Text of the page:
I’m never sure how many people read the comments that others leave on my blog, so let me draw attention to these words from Marcus Honeysett on one of my recent series of posts on fasting. It was a conversation with Marcus that prompted me to think again about fasting and he puts it so much better than I did …
If I had to sum up in a couple of words what I have learned so far since we chatted about fasting, it would be that fasting is a lesson in “intensifying longing or desire”. Living in a culture of instant gratification means we know next to nothing about longing for anything at all, and therefore have a paucity of experience when it comes to longing for God. When a feast comes our way we therefore accept it as our normal expectation rather than with special delight. And our expectation for anything more is dulled. We cease to long because we feel full all the time, even if the reality is that we are full with things that are not delightful but mediocre or even toxic.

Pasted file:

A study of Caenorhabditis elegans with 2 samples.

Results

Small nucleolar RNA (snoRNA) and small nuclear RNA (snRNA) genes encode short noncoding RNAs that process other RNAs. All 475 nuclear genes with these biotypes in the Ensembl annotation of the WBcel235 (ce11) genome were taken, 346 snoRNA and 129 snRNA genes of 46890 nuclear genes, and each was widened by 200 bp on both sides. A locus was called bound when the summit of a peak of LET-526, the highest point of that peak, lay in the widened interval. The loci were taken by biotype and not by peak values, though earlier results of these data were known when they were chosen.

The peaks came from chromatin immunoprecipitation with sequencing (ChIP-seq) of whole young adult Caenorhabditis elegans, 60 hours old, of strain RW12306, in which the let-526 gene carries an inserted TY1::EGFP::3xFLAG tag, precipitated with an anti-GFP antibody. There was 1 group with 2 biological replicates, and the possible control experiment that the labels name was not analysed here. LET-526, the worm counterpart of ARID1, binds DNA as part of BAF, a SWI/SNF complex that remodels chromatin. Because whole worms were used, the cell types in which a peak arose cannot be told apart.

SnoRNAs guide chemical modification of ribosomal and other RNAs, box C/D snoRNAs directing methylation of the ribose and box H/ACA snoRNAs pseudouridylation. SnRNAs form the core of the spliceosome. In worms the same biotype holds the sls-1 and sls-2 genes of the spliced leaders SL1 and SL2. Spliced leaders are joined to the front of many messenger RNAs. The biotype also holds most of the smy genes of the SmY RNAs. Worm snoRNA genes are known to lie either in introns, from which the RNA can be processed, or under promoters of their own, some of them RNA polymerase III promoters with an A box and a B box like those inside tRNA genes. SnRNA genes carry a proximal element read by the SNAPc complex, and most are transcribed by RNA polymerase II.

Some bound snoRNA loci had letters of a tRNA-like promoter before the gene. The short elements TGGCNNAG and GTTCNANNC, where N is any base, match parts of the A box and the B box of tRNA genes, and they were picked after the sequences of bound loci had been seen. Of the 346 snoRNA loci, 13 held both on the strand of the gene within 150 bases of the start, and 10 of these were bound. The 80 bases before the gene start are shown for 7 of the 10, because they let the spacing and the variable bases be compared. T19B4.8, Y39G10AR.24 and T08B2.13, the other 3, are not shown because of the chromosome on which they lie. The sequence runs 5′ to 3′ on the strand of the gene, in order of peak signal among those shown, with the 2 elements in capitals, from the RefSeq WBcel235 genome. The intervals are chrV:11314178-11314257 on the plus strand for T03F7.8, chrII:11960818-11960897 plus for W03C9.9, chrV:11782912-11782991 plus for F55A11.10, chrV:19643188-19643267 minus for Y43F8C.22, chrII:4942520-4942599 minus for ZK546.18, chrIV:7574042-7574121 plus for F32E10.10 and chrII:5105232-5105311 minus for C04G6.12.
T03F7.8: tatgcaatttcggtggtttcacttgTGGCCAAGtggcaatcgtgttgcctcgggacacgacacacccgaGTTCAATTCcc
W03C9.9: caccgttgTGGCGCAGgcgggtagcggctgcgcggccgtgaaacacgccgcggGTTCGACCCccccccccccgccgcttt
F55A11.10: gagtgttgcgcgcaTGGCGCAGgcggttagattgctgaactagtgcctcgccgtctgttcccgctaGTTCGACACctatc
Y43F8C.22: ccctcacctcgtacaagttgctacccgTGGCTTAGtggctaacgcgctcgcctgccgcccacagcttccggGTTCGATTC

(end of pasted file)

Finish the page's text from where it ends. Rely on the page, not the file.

I think one of the devil’s most cunning strategies in the West is to give people everything they think they need, thereby making us think that there is nothing better to have and no reason to desire God. Which is the heart of the way Jesus was tempted: have all the kingdoms of the earth, and let them substitute for Yahweh. Fasting takes away the kingdom of the earth and retrains our spiritual desires towards God rather than his providential gifts.
Let me also take this opportunity to commend the ministry that Marcus heads up, Living Leadership, whose aim is to train and sustain leaders.